It’s a rather unsurprising idea: Humans do things in bursts of activity. “We do not do things uniformly,” said Albert-László Barabási, a Distinguished Professor of Physics with joint appointments in the College of Science and the College of Computer and Information Science and founding director of Northeastern’s world-leading Center for Complex Network Research.

Instead, he said, each one of our actions is correlated to those that came before. For instance, perhaps we send 16 emails in a half-hour period and then surf the Web for an hour. Or maybe we make a few calls in the afternoon and then set the phone down for the rest of the evening.

Though it may be a subconscious side-effect of evolution or simply convenience, our bursty behavior allows network scientists like Barabási to predict how we will act in the future and, by extension, how the products of our bursty work — our money, our tweets or even our ideas — will travel through society.

But these predictions depend on robust mathematical algorithms. Until recently, the network scientists’ standard tools tended to “give rise to positive correlations, even though the events were totally independent,“ said Barabási. For predominantly random systems, these models work fine. Not so with bursty systems.

In a recent paper published in the journal Nature Scientific Reports, Barabási and his colleagues report a new model capable of detecting burstiness more accurately.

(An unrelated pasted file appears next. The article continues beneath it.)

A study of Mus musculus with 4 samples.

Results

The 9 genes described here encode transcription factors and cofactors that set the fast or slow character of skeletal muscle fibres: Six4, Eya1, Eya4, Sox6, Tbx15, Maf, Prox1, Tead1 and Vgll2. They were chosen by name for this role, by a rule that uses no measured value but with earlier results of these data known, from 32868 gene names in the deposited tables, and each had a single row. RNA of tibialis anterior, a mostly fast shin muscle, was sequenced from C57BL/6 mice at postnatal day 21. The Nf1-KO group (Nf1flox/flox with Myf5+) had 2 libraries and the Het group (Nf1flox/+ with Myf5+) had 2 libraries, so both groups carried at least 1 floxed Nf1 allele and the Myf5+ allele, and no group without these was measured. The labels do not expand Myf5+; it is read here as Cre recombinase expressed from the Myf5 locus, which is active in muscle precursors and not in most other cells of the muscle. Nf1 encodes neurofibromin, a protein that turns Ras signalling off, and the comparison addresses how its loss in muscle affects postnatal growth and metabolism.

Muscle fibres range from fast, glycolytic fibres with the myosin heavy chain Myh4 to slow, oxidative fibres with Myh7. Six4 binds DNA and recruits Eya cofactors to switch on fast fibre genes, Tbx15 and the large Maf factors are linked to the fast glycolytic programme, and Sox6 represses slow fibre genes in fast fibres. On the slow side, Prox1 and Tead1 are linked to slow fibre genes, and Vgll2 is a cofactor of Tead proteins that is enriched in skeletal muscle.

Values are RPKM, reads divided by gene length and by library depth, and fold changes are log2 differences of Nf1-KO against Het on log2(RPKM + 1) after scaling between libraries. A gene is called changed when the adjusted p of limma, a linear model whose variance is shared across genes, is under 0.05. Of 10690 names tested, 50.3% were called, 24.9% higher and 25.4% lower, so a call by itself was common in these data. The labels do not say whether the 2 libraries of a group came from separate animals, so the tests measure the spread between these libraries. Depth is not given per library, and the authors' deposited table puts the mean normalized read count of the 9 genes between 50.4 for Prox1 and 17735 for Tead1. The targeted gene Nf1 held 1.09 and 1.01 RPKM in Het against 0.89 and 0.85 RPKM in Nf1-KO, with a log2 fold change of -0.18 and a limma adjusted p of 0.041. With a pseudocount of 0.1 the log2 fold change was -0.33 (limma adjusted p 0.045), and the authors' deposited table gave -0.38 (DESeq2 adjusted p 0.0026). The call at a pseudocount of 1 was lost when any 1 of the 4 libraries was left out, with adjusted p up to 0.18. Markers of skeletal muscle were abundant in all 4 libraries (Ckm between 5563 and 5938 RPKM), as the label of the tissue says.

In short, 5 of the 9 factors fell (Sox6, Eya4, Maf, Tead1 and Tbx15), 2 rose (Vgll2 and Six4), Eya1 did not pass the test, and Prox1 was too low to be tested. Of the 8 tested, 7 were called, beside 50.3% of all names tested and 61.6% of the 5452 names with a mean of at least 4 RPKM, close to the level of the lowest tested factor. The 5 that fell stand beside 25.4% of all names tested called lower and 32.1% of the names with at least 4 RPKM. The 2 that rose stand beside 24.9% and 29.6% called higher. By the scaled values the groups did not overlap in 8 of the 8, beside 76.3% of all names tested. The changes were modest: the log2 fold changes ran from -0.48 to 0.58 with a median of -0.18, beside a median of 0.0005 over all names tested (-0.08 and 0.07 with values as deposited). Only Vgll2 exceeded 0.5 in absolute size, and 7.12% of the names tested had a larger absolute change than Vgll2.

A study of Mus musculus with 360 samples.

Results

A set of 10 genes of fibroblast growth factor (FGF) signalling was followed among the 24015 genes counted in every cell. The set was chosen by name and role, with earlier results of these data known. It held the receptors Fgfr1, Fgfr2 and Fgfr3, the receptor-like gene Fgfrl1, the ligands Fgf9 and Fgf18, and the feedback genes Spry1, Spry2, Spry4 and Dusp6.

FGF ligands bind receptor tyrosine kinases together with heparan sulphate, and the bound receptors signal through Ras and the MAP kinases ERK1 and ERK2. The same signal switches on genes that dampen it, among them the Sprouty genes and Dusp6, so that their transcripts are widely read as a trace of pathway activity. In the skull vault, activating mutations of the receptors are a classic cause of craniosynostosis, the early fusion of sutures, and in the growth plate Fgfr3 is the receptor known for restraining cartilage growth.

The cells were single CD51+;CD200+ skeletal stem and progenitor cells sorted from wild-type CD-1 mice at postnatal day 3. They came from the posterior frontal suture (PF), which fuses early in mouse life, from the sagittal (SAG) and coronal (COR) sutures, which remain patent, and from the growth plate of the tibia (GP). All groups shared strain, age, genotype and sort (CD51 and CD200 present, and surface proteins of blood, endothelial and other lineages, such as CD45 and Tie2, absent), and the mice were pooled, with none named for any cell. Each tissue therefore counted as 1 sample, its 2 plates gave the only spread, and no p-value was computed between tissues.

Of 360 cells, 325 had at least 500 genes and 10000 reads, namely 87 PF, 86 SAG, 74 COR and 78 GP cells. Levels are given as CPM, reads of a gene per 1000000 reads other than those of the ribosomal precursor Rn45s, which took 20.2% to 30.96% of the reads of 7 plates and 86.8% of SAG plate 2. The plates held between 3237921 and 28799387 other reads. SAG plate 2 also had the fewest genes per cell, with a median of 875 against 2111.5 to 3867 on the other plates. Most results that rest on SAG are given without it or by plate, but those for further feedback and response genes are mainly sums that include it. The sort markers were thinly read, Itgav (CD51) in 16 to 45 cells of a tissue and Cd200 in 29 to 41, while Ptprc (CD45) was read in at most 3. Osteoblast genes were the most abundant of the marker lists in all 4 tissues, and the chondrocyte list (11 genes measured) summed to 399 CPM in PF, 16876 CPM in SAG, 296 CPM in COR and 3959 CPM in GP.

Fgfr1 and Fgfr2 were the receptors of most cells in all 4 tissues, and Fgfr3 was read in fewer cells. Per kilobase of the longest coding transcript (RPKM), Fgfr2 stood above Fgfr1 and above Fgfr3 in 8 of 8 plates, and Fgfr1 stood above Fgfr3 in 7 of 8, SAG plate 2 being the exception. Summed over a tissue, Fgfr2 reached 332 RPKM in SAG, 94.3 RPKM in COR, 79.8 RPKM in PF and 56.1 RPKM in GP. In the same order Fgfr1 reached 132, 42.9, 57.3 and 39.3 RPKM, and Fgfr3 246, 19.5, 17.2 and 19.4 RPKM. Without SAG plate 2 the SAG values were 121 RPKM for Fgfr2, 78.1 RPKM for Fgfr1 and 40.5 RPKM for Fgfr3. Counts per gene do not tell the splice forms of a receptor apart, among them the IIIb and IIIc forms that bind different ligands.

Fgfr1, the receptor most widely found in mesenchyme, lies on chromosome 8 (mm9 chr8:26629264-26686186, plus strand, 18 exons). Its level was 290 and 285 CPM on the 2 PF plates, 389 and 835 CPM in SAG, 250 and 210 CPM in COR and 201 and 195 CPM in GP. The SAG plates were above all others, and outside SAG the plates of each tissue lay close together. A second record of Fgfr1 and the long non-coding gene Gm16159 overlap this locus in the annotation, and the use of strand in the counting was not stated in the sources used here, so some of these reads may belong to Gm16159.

Márton Karsai, the paper’s first author — and a researcher who will join the lab of physics professor Alessandro Vespignani this fall — said that up until now, “we have presumed that these systems can be interpreted as mechanisms where the consecutive events are not independent from each other and are correlated.” Now they can confirm that presumption mathematically.

Burstiness is not exclusive to the human social network. Other animals also behave this way. Our neurons fire in bursts. Even earthquakes follow the pattern, with long periods of silence followed by a collection of tremors. The new model reveals a set of properties universal to all of these systems, despite the fact that they are driven by extremely different mechanisms.

“The common feature shared by these systems is that beyond being bursty, the bursty events are not evolving in pairs but more likely in longer trains,” Karsai said. That is, the various individual events in a burst are all correlated; the relationship does not exist only between those events that follow one another in a sequence.

The new algorithm, Barabási said, “offers further modeling and conceptual challenges for the field.” Karsai added that they have already begun to move in this direction, having published another paper using this method to answer more specific questions about human communication behavior.